Republican legislative leaders already were declaring the session a success.
Legislation would require education officials to seek grants and donations to help children with special needs such as autism.
The state already has a small number of what are known as veterans treatment courts that handle cases involving current and former military personnel with mental health or substance abuse issues.
Missouri lawmakers have passed a measure that would allow county sheriffs to divert income tax refunds and lottery winnings to pay jail debts.
Group spokesman John Murphy says 3,500 signatures are needed to get the initiative on a ballot.
Legislation would require scrap metal dealers to collect more information from the people who sell them metal.
The decline of two traditional sources of revenue — state money and tuition collected from rapid enrollment growth — complicates MU's quest to balance a budget that faculty say is already constricting.
The bill would restrict the use of Temporary Assistance for Needy Families cash benefits on items marketed exclusively for adults. It has been sent to Gov. Jay Nixon for approval.
County sheriffs already have responsibility to review concealed weapons applications, applicants' backgrounds and issue the paper permits.
The plan is a final offer to state senators, who would have to pass it before 6 p.m. Friday if it is to go to Gov. Jay Nixon.
The measure would exempt the Doe Run Resources Corp. from punitive damages if the court determines the company is making a "good faith" effort to clean up the contaminated sites.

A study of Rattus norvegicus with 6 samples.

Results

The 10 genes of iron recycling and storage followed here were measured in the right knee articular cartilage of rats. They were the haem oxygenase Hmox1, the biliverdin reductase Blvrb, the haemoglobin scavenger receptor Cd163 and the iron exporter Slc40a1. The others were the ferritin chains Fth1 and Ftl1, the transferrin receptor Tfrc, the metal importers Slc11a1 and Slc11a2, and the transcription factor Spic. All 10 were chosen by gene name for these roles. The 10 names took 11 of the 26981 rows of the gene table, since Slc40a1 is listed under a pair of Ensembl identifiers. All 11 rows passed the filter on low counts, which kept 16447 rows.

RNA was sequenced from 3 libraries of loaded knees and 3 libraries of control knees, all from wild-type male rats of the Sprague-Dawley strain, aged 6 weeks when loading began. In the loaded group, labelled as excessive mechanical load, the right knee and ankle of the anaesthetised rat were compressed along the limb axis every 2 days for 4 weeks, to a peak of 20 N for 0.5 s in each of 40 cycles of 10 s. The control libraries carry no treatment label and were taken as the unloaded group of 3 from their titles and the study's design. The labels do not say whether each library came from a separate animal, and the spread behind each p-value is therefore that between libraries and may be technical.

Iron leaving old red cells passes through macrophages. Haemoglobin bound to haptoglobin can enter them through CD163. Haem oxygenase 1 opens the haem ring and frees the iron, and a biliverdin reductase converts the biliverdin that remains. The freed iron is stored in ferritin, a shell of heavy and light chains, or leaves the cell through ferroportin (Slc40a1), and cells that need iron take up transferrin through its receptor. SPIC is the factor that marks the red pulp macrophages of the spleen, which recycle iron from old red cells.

The bill sent to the governor Thursday marks a compromise among some business groups and attorneys who represent injured workers.
The measure is the product of a Missouri Bar committee charged with updating the criminal code for the first time since 1979.
It had been printed every two years until a 2010 law barred its continued paper publication. The intent was to save about $1.7 million in costs.
A Missourian analysis finds blacks are stopped by Columbia police for "investigative" reasons four times more than the state says they ought to be, based on their share of the population.
The bill, which passed the Missouri Senate 25-8 Wednesday, would force the Revenue Department to stop scanning driving applicants' documents and securely destroy copies of already scanned documents.
The two-part legislation is intended to reverse some of the consequences stemming from a 2005 state law that overhauled Missouri's workers' compensation system.
The St. Louis Post-Dispatch reports that two cases of explosives were taken Monday night from a business near Troy.
Missouri districts that lose state accreditation currently have two years before state education officials can step in.
A decision by the panel found that former Democratic Sen. Robin Wright-Jones used campaign money for personal expenses such as food and clothing, as well as other reimbursements and reporting infractions.